FTC Seeks to Ban Noncompete Agreements in Employment Contracts
Friday, January 6, 2023

On January 5, 2023, the Federal Trade Commission (“FTC”) announced a broad proposed rule that would ban employers from imposing noncompete clauses on their workers. The FTC press release announcing the proposed rule states that noncompete clauses—which apply to about one in five American workers—suppress wages, hamper innovation, block entrepreneurs from starting new businesses and reduce American workers’ earnings between $250 billion and $296 billion per year.[1] The proposed rule would prohibit employers from: (1) entering into or attempting to enter into a noncompete with a worker; (2) maintaining a noncompete with a worker; or (3) representing to a worker, under certain circumstances, that the worker is subject to a noncompete. The term “worker” covers paid staff in addition to independent contractors and unpaid staff. The proposed rule does not apply to noncompete provisions imposed upon 25% owners of a business in transaction documents related to the sale of the business. The proposal is subject to a 60-day public comment period commencing when the Federal Register publishes the proposed rule.

Notably, the rule would require employers to rescind all existing noncompete clauses and inform both former and current workers that their noncompete clauses are no longer in effect. Under the rule, existing noncompete clauses must be rescinded no later than 180 days after the final rule is published. Although the proposed rule does not ban non‑disclosure or customer non-solicitation agreements, the rule does seek to prohibit “de facto” noncompete clauses that are “written so broadly that it effectively precludes the worker from working in the same field.” The rule would supersede any state statute, regulation, or order that is inconsistent with the rule. The only exception to the ban permits noncompete clauses entered into by a person who is selling a business or disposing of ownership interest in an business entity in which the individual holds at least a 25% interest.

The FTC voted 3-1 to publish the Notice of Proposed Rulemaking, which is the first step in the FTC’s rulemaking process. FTC Chairperson, Lina M. Khan stated, “[n]oncompetes block workers from freely switching jobs, depriving them of higher wages and better working conditions, and depriving businesses of a talent pool that they need to build and expand. By ending this practice, the FTC’s proposed rule would promote greater dynamism, innovation, and healthy competition.”[2] FTC Commissioner Christine S. Wilson wrote a dissent arguing that the FTC lacks rulemaking authority to eliminate unfair methods of competition and that noncompete agreements must be analyzed under a fact-specific inquiry because they could have legitimate business justifications.[3] The FTC’s announcement of its proposed rule comes only one day after issuing a press release that it was taking legal action against three companies and two individuals who “illegally” imposed non-compete restrictions on thousands of workers.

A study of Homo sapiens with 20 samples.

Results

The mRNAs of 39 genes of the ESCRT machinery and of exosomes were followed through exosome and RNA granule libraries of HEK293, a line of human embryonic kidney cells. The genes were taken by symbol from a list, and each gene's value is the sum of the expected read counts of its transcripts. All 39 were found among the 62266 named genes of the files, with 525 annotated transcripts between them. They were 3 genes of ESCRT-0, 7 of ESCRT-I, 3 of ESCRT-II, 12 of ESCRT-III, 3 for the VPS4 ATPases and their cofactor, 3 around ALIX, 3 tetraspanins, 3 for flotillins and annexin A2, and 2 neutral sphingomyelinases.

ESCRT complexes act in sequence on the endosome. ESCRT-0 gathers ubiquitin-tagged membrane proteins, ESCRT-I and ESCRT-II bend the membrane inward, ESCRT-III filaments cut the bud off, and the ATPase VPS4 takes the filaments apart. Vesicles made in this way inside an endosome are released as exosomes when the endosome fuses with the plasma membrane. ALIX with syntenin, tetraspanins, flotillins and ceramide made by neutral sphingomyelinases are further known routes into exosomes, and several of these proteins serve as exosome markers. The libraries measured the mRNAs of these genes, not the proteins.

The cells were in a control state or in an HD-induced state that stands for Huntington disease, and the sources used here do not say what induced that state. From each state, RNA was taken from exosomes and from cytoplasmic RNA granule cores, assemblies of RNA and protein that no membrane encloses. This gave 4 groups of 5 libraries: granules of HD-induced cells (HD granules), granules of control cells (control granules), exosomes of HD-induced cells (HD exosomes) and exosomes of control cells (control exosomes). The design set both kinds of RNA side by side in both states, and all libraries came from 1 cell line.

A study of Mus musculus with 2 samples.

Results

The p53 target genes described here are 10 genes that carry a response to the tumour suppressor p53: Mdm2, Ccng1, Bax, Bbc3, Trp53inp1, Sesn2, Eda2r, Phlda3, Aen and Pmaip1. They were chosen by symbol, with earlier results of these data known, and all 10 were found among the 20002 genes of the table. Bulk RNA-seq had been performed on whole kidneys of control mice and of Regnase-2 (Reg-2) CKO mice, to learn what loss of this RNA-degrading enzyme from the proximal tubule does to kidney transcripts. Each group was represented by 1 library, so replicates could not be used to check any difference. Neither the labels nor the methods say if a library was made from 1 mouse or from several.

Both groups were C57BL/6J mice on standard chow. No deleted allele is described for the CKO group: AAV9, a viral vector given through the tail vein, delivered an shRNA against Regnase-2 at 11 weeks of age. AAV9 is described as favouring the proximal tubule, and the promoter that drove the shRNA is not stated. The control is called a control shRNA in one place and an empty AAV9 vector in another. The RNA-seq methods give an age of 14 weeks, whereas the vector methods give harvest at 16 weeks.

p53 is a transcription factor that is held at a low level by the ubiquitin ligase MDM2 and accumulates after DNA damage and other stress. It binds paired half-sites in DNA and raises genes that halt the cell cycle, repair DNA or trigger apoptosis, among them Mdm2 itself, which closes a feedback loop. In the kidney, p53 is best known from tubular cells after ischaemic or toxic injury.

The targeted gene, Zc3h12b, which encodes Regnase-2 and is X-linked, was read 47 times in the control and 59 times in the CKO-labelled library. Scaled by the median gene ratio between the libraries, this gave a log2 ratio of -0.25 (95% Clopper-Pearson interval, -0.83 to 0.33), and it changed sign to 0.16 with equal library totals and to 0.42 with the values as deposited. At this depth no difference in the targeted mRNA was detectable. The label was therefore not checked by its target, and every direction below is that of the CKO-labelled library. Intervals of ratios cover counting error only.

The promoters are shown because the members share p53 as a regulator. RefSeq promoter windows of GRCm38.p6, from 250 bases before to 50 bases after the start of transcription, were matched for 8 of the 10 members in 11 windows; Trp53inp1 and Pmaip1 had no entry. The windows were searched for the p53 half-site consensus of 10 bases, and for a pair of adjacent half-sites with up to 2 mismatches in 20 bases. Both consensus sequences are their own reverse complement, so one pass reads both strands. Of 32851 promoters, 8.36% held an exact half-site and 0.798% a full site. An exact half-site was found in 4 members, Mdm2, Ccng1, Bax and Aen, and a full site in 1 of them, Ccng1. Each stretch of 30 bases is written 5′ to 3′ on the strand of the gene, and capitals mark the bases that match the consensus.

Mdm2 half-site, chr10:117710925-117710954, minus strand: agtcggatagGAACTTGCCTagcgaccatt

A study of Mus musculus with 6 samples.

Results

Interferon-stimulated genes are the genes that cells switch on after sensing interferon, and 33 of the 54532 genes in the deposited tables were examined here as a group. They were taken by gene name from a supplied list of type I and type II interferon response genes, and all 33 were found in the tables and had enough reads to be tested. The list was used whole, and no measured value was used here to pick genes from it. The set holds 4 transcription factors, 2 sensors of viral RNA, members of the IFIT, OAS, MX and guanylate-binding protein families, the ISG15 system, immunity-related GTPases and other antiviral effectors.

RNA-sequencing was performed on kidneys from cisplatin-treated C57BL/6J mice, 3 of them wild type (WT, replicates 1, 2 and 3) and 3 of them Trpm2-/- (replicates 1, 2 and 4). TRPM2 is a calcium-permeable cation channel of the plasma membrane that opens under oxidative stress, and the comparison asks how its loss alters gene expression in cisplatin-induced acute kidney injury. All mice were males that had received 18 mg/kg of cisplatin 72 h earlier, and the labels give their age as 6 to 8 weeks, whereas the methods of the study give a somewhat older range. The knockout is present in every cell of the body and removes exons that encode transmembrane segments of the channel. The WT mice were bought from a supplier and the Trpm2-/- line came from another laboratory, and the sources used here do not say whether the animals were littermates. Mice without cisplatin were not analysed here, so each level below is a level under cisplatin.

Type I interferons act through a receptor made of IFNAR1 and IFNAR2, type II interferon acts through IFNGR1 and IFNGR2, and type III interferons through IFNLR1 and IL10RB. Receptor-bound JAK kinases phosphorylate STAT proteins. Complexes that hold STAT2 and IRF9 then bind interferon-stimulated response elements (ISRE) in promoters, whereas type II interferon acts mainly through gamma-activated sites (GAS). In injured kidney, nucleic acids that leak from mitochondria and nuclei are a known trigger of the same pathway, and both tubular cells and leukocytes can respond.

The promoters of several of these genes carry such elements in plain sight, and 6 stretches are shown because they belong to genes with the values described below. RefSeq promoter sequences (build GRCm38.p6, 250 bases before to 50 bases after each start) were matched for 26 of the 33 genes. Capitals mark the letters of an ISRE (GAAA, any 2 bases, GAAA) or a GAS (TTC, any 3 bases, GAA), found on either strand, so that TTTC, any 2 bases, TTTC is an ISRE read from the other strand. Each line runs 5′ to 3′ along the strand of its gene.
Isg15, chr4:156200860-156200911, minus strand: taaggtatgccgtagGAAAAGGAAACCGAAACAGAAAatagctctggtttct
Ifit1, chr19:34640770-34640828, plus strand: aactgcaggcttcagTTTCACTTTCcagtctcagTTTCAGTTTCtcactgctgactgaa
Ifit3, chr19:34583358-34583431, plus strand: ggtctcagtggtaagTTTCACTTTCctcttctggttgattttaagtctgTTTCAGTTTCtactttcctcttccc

The FTC’s proposed blanket ban on noncompete agreements furthers the agency’s commitment to advancing the Biden Administration’s policy to promote competition in U.S. labor markets. On July 9, 2021, President Biden signed an Executive Order encouraging the FTC to use its rulemaking authority “to curtail the unfair use of noncompete clauses and other clauses or agreements that may unfairly limit worker mobility.” President Biden called this proposed rule “a huge step forward in banning noncompete agreements that are designed simply to lower people’s wages.” It also arrives on the heels of the FTC’s recent policy statement expanding its powers under Section 5 of the Federal Trade Commission Act “to identify unfair forms of competition.”[4]

The business community is voicing significant criticism of the proposed rule. Banning noncompete agreements without exception (unless in the context of the sale of a business) would allow employees who could disclose highly valuable business information to go to a competitor without any real barrier. Employers would be forced to rely on trade secret statutes and common law remedies to seek redress to protect their interests. If implemented, we would expect litigation challenging the scope of the proposed rule as well as the scope of the FTC’s administrative and constitutional authority to promulgate and enforce the rule. Once the rule is finalized, companies and individuals will need to carefully consider both their present and prospective employment agreements with respect to noncompete clauses and NDAs to determine the proper means to comply with the proposed rule’s broad set of prohibitions.

Jake Walker also contributed to this article.


FOOTNOTES

[1] Federal Trade Commission, Non-Compete Clause Rulemaking (January 5, 2023).

[2] Federal Trade Commission, FTC Proposes Rule to Ban Noncompete Clauses, Which Hurt Workers and Harm Competition (January 5, 2023).

[3] Federal Trade Commission, Dissenting Statement of Commissioner Christine S. Wilson Regarding the Notice of Proposed Rulemaking for the Non-Compete Clause Rule (January 5, 2023).

[4] Federal Trade Commission, Statement of the Commission on the Withdrawal of the Statement of Enforcement Principles Regarding “Unfair Methods of Competition” Under Section 5 of the FTC Act (July 9, 2021).